This small book (75 pages) elucidates a great present-day adversary to biblical justice and equality: patriarchy. The book is written for the Body of Christ. It is the wish of the author to bring consciousness of the subject to church membership and leadership alike. The view here presented is that patriarchy is not merely uncomfortable for some women, but toxic and dangerous to all men and women in the faith. The thesis is punctuated with real-life experiences and with excerpts from several pertinent sources, but mostly from the work of Annie Fransen Imbens, author of Christianity and Incest. Imbens details accounts of ten victims of sexual and emotional abuse perpetrated by patriarchs in their families and churches.

Zens’s book highlights biblical sources that have been misinterpreted to underpin male dominance. It also quotes from the Mishnah and from books oppositional to Zens’s view, currently advocating patriarchy in the American evangelical homeschooling movement, the Roman Catholic Church, and the Dutch Reformed Church. He illustrates and exposes the thinking by which they set up and legitimize the promotion of male superiority and the victimization of girls. The author makes it clear he is not vilifying any denomination or homeschooling per se, since his own children have had seasons of homeschooling. He only wishes to bring to light the abuses facilitated, in these institutions and others, by many whose disgraceful practices were protected by false teaching on this subject. More importantly, he wishes to defend the plight of those who suffered in the unholy wake of such thinking.

No Will of My Own does a brief but masterful work of exposing the dysfunctional indoctrination received by boys in severe religious homes, giving them airs of superiority and control. In like manner, it points out the physical and psychological programming of females, promoting strict silence, subservience, and ignorance. Women are depicted as the source of evil because of Eve and blamed for the lust of their male family members. Girls are taught that education is undesirable and that they are to be “help-meets” not only to husbands, but also to fathers. Childlikeness is encouraged in women, even in their sexual practices.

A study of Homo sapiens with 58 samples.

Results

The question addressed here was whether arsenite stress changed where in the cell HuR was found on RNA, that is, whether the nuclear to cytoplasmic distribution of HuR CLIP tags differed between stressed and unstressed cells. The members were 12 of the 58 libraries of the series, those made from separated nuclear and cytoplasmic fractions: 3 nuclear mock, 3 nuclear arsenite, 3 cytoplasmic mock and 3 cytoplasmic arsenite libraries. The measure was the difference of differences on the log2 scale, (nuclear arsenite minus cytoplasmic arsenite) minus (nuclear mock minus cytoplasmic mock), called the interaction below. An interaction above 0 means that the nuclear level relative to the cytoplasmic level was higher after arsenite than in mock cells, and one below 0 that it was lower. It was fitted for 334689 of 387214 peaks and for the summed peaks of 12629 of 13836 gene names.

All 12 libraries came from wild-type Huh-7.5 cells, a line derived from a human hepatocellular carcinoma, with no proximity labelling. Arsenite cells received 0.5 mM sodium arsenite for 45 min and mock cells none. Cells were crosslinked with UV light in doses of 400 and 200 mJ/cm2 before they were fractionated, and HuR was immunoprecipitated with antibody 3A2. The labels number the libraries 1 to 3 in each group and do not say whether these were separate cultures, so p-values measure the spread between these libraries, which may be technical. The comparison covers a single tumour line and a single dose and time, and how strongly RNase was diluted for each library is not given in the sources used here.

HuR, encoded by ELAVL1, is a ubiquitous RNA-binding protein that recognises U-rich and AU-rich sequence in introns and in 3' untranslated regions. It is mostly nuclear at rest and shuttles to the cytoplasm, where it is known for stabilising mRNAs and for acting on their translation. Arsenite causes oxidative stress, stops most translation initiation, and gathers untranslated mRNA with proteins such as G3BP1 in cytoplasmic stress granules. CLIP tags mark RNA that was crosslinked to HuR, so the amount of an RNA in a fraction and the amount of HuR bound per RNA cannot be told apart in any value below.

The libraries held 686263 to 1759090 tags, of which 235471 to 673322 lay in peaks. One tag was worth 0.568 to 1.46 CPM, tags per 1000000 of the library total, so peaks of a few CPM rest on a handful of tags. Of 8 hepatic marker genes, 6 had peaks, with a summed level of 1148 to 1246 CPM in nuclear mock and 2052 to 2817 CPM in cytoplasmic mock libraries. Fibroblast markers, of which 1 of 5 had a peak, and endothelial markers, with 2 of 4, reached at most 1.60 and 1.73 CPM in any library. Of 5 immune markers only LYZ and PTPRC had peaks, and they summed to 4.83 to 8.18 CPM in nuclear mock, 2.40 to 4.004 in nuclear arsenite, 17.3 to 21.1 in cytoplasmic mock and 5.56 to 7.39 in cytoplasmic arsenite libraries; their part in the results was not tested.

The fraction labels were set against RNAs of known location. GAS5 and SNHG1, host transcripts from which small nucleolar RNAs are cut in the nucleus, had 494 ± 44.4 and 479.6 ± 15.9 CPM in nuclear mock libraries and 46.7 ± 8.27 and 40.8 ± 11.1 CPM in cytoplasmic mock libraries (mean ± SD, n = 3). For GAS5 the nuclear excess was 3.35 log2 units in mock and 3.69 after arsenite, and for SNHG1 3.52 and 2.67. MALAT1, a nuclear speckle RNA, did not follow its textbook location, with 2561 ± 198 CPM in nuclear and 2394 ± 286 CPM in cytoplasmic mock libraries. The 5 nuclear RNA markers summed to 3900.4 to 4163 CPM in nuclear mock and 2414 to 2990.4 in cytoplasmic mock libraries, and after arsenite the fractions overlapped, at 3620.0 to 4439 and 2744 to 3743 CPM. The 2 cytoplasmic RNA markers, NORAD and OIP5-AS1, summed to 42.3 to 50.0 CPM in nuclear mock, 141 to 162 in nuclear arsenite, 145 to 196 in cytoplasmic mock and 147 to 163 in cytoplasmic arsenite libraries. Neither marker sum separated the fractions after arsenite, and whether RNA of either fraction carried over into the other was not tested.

Zens also salts the book with views of egalitarian thinking, offering a merciful, biblical dimension to the argument. A point highlighted for this reviewer was the damage not merely to the personhood of victims, but the effects on their relationship with God as well:

How can a woman under the thumb of patriarchy say to the Lord, “not my will but yours,” and “not my life but yours” when she has no will or life of her own? If her life and will do not exist, then the giving of herself willingly to our Lord Jesus Christ is prevented or obstructed. Those who are not allowed to have a relationship, an opinion, an expression, a life, or a heart of their own will be hindered in entering into a personal relationship with the Lord because it is in the Lord’s name that they are told they do not exist.” (46)

For the sake of safety, all people, young and old, in the fellowship of believers need to be made aware (age appropriately) of the message of this book. Be warned, however, the subject matter is emotionally hard to digest. Because of the intensity of the subject, the concise presentation and brevity of the book is a plus. Sadly, the secular media has dealt with issues like these before the Body of Christ has. This is a travesty that books like this may be useful in preventing for the future.

Readers of the scholarly persuasion who question the reliability of data from the Internet may need to research the subject themselves to substantiate some of Zens’s assertions. He does take quotations from blogs and Web sites. Notwithstanding, this reviewer feels there is enough evidence by way of the testimony of counselors and victims to prove that these accounts are not maliciously fabricated. I highly recommend this book to the entire Body of Christ.